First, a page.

It is also not dissimilar to the numerous experiments with co-operativism in the developing world - albeit with the principles of viable economic entities, such as financial accountability. CSA members make a commitment to support the farm throughout the season, and assume the costs, risks and bounty of growing local food along with the farmer and grower. Members help pay for seeds, fertilisers, water, equipment, maintenance, labour and other factor inputs. In return, the farm provides, to the best ability, a healthy supply of seasonal fresh produce throughout the growing season. Becoming a member creates a responsible relationship between people and the food they eat, the land on which it is grown and those who grow it.
It has been expounded that this mutually supportive relationship between local farmers, growers and community members helps create an economically stable farm operation in which members are assured the highest quality produce, often at below retail prices. In return, farmers and growers are guaranteed a reliable market for a diverse selection of crops.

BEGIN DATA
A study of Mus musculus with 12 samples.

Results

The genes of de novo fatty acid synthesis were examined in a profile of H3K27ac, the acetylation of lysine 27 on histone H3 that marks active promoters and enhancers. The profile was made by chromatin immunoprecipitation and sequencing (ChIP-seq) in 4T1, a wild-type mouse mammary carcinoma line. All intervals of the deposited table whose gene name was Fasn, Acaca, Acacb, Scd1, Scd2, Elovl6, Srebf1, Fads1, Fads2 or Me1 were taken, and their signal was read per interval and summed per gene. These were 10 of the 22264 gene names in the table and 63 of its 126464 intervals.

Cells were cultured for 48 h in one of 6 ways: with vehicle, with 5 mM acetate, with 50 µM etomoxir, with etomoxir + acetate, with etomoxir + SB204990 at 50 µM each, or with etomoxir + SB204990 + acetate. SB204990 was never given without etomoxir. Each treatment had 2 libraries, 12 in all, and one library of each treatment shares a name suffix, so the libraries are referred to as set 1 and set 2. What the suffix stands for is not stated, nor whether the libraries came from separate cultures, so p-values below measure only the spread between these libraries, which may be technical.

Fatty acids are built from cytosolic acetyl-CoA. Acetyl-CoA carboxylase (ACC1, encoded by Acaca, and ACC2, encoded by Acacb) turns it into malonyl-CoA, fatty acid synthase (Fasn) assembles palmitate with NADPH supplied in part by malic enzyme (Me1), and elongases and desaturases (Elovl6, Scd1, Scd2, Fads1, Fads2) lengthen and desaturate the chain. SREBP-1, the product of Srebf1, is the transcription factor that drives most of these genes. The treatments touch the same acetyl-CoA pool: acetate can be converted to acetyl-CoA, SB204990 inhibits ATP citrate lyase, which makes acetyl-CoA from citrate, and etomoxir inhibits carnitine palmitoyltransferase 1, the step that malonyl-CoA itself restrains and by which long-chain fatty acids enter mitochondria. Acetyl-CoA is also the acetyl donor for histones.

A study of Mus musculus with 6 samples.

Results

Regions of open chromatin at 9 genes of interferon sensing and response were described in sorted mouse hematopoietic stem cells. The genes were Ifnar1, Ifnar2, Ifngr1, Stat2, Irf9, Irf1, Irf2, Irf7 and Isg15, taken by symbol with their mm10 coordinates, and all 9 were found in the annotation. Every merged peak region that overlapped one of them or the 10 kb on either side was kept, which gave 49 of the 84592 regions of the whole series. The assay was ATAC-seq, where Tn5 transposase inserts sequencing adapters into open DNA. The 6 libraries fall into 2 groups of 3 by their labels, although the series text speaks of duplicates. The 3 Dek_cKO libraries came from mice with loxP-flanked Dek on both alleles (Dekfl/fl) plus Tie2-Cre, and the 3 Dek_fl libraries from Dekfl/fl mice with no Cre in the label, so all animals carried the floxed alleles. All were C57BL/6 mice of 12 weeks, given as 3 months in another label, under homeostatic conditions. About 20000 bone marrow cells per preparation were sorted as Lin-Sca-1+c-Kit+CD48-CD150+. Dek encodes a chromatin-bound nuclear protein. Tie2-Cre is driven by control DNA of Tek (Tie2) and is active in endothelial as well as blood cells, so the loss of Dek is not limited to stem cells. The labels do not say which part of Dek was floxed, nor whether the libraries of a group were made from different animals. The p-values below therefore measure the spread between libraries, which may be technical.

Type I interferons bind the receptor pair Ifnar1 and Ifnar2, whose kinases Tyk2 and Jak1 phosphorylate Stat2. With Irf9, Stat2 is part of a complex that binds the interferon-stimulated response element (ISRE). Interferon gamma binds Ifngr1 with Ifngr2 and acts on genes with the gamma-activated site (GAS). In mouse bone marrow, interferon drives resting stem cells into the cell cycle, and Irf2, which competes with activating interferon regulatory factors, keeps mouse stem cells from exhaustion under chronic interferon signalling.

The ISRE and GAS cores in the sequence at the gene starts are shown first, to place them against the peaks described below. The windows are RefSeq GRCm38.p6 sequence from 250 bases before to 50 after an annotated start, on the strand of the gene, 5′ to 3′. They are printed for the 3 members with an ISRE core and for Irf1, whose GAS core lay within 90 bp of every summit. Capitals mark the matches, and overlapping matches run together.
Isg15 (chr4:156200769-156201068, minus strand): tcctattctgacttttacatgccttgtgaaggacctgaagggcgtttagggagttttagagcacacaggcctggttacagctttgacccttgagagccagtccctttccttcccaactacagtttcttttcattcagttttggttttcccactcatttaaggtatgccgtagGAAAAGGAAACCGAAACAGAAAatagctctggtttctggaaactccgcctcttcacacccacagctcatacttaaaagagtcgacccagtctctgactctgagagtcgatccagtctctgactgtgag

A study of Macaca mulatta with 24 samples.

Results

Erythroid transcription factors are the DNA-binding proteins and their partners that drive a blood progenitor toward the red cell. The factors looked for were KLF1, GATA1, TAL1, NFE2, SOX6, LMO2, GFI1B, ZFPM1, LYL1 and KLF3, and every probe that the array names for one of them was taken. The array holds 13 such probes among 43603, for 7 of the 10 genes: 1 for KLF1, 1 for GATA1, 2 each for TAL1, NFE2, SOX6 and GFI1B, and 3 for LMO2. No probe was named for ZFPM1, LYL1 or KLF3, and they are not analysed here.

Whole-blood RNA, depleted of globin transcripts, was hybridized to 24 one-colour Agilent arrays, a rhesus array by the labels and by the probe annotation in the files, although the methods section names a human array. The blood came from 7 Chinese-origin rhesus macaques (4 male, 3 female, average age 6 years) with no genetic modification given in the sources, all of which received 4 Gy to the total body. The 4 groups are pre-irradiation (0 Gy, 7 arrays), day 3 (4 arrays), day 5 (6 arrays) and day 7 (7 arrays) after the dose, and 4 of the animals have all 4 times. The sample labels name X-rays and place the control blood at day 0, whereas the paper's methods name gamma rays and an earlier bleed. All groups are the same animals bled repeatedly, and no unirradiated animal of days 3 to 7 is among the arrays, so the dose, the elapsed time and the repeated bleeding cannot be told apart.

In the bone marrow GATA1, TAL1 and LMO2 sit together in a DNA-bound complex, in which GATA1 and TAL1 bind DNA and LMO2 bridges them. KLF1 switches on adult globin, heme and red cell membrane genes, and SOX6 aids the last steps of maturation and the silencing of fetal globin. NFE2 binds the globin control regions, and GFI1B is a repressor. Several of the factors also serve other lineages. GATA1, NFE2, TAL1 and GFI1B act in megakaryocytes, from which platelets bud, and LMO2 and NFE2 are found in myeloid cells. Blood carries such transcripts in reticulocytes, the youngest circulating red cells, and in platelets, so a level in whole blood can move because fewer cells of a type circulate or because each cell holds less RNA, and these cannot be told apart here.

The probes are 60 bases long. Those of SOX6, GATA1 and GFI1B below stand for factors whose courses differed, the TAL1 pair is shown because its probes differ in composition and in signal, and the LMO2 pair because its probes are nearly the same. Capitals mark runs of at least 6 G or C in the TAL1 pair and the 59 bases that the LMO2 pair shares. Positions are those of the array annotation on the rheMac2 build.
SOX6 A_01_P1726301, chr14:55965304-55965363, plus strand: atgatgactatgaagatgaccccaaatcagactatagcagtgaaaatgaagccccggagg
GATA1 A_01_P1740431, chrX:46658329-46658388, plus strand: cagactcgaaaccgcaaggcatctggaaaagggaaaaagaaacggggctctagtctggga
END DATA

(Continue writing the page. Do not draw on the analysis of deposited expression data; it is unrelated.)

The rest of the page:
Government and international donor agency policy and assistance, in Guyana, has seen the establishment of an Organic Cocoa Industry in Mabaruma/Hosororo area in Region One, Joint Project for improving the processing the Cashew Nuts at St Ignatius, Rupununi, Development of the Peanut Industry in the North Rupununi and the Wakapoa Coffee Rehabilitation Project, Lower Pomeroon, Region Two. All these projects, with some variance to the ideals of CSA explained before are exemplifications of this process.
Establishment of such schemes are the micro-economic foundations of realising food security as discussed at the recent COTED meeting in Georgetown, recently. It can be seen from the local examples mentioned that:
· direct marketing gives farmers the fairest return for their products,
· keeps food dollars in the economy and contributes to maintenance and establishment of regional production,
· communication and cooperation is encouraged among the farmers,
· with ‘guaranteed markets’ farmers can spend their time specialising in production,
· there is biodiversity and diversity in farming through the preservation of small farms producing a wide variety of crops,
· creates opportunity for farmers and consumers to communicate,
· creates a sense of social responsibility, and
· adds pride and prestige to area specific production.